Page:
The outcomes of two competitive primary races that concluded with recounts are expected to be certified on Tuesday, the city Board of Elections said.

John McCarten/New York City Council

Bill Perkins

The outcomes of two competitive City Council primary races in June that concluded with recounts are expected to be certified on Tuesday, the city Board of Elections said.

Both contests required recounts, according to state law, because the margin between the two leading candidates was 0.5 percent or less. 

Kristin Richardson Jordan, who forecasted victory in an interview with City Limits last month, is expected to win the race for Council District 9 in Manhattan. Unofficial results on the BOE’s website show her ahead with 50.3 percent of votes to incumbent Bill Perkins’ 49.7 percent after 13 rounds of ranked choice voting.

READ MORE: Kristin Richardson Jordan Leads Incumbent Bill Perkins By 100 Votes in Harlem Council Race

Perkins—who was elected to his current seat via a special election in 2017, and previously represented the Harlem district in the Council before becoming a state senator—recently conceded the race, Patch reported this week. His quiet campaign for reelection this year was met with questions about his ability to do the job in the face of reported health problems, City & State reported in June.

Read more elections coverage here.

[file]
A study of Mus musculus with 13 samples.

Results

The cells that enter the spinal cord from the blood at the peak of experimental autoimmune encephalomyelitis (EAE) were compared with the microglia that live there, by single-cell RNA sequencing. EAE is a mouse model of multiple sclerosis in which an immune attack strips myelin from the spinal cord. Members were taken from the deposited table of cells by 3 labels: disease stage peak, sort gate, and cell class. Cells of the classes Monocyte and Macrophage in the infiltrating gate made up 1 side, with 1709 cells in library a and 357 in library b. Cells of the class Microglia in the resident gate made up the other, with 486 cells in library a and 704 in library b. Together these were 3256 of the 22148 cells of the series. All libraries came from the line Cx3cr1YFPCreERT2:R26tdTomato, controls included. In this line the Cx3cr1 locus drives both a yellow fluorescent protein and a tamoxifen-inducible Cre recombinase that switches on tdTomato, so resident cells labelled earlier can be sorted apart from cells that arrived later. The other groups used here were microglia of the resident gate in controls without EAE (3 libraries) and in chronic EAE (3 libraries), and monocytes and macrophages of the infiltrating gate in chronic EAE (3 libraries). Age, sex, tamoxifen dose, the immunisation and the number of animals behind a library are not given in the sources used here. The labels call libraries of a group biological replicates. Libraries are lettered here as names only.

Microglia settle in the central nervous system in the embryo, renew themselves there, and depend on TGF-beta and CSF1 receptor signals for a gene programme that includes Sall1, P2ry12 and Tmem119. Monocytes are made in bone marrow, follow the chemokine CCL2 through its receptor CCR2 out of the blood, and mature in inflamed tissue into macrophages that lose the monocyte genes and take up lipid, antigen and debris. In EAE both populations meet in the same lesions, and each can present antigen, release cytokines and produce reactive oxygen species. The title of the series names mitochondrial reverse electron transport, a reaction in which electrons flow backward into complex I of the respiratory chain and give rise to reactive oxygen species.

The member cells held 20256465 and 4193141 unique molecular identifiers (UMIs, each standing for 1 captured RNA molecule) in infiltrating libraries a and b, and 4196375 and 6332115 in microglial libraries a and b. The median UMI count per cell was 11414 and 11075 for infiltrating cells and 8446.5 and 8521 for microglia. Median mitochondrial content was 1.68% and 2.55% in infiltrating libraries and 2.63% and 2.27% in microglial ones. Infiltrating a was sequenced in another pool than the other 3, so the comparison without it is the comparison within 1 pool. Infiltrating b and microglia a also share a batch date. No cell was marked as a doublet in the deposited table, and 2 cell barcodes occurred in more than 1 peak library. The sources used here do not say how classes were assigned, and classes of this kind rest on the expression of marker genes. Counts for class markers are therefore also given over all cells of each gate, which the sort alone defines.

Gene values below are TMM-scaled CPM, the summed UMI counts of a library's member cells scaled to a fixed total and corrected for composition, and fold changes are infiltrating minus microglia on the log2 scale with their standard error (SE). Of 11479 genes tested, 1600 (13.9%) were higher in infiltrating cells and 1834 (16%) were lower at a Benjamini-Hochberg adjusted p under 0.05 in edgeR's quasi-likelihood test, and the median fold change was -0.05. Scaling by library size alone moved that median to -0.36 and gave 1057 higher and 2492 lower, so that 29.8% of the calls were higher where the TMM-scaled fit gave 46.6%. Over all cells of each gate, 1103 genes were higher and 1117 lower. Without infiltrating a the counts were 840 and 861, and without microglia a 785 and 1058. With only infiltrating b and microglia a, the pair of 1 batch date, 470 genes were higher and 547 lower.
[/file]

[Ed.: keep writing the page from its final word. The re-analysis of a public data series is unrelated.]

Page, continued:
“I want to thank the voters of Harlem, East Harlem, and the Upper West Side for their incredible support and confidence in me over the past 25 years and congratulate Kristin Richardson Jordan on her Democratic Primary victory,” Perkins said in a Monday statement.

Jordan, who describes herself as a democratic socialist and abolitionist, campaigned on a platform that called for NYPD reforms and accountability, more affordable housing, environmental and economic justice and Medicaid for All. 

On Staten Island, in Council District 50, David Carr is currently leading the Republican party race to represent the central part of the island, continuing a chain of succession that stretches back years. 

The five-person primary was the most competitive one for the seat in history, City Limits reported in May.

The district, which was created in the early nineties, was first represented by John Fusco, now a judge. Jimmy Oddo, his chief of staff, replaced him, before becoming borough president in 2014. Oddo’s chief of staff, Steven Matteo, later took his seat in the Council.

Carr, the presumed winner, served as chief of staff to Matteo, who unsuccessfully ran for borough president this year.

MORE COVERAGE: It’s Insider Vs. Outsiders in Republican Council Primary on Staten Island

Marko Kepi, who faced off with Carr in the primary, has apparently not yet conceded. Kepi, a former Marine and staunch Trump supporter, has maintained that valid votes were being tossed, despite not providing evidence of this alleged fraud. 

Kepi could not be immediately reached for comment.

The winners of the June primary will be on the ballot to compete in the general election in November.